Doc Talk: Dangers of insect bites and how to treat them

In our weekly feature, 'Doc Talk', pediatric emergency doctor, Clint Pollack from Valley Children's Hospital talks about a common problem we all face during the summer, insect bites.

According to Dr. Pollack, insect bites may be merely annoying or may cause serious allergic reactions, skin infections, or transmit infectious diseases.

He says the most common biting insects are: mosquitoes, ticks, fleas, bedbugs, flies, chiggers, midges (no-see-ums), and a small number of types of spiders.

Dr. Pollack says insect bites are different from insect stings. Stings involve injection of venom into the skin and may cause reactions ranging from local irritation to life-threatening allergic reactions.

He says insect bites may result in local reactions, papular urticaria, or systemic allergic reactions.

Local reactions:
- Caused by irritating substances in insect saliva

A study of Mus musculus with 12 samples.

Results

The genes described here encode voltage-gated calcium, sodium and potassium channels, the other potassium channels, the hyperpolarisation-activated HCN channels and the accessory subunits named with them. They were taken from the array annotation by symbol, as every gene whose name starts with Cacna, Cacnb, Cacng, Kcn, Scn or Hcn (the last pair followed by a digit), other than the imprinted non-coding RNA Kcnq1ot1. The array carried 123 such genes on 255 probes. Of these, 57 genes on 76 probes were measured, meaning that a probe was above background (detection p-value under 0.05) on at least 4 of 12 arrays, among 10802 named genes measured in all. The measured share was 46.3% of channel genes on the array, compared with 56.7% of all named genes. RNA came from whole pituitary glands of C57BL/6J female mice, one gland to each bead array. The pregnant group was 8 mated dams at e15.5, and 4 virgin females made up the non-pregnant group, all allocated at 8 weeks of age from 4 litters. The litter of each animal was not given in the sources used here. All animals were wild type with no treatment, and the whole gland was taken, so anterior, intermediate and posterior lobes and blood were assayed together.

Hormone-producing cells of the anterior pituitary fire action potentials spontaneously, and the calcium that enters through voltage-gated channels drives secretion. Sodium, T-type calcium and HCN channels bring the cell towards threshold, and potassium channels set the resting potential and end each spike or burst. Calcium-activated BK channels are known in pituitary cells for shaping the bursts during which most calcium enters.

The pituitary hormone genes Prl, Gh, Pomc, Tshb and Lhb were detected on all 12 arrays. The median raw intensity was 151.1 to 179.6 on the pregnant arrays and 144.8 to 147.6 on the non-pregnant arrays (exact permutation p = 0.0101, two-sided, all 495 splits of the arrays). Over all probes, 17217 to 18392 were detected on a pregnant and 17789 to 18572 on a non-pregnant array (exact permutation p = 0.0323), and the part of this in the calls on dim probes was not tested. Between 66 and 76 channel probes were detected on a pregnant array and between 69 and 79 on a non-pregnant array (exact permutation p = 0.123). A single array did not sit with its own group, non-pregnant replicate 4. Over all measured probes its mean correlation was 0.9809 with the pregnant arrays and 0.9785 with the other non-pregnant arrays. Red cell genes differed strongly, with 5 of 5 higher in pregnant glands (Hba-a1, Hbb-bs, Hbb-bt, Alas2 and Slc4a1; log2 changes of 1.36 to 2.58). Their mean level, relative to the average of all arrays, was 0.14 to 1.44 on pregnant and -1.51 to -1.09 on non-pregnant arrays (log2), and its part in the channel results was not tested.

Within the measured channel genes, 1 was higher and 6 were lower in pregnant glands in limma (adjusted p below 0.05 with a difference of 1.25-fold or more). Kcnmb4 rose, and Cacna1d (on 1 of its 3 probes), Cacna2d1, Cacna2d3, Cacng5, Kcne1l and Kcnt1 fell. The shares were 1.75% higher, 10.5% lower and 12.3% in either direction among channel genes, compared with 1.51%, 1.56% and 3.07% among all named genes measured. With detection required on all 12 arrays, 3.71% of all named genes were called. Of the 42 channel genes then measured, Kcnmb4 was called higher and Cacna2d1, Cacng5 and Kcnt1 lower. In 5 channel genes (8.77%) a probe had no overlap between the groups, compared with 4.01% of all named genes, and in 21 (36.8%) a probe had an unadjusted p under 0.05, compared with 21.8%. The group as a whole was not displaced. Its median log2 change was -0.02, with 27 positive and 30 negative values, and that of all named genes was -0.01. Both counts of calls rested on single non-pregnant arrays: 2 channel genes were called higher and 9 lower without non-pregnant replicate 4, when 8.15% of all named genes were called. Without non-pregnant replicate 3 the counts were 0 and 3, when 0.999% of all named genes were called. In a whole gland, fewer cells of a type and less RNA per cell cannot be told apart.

- Red, itchy swelling at the site of the bite
- Usually resolves in a few hours, but may last for several days


-Wash with soap and water, ice may be used for swelling/inflammation, Benadryl (diphenhydramine) may be given every 6 hours for itching and hydrocortisone 1% applied twice a day.

Papular urticaria
- Hypersensitivity reaction which causes longer lasting itchy red bumps on exposed skin.
- Treatment is the same as for local reactions.

Systemic allergic reactions (anaphylaxis)
- Severe allergic reactions may cause diffuse redness, swelling, itching, vomiting, low blood pressure, throat swelling, and breathing trouble.

- This can be very dangerous and requires immediate treatment with epinephrine, Benadryl, steroids, and other medications.
- If your child is having these symptoms, call 911 right away.
-Give epinephrine if you have it.

Dr. Pollack wants to warn parents that mosquitoes and ticks can transmit infectious diseases, but these are fairly uncommon.

He says mosquitoes may transmit West Nile virus and cause encephalitis.

Dr. Pollack says ticks may transmit Lyme disease, but this is uncommon in California.

He says if your child begins having high fevers, headache, vomiting, severe rash, or other concerning symptoms following an insect bite, please see a doctor.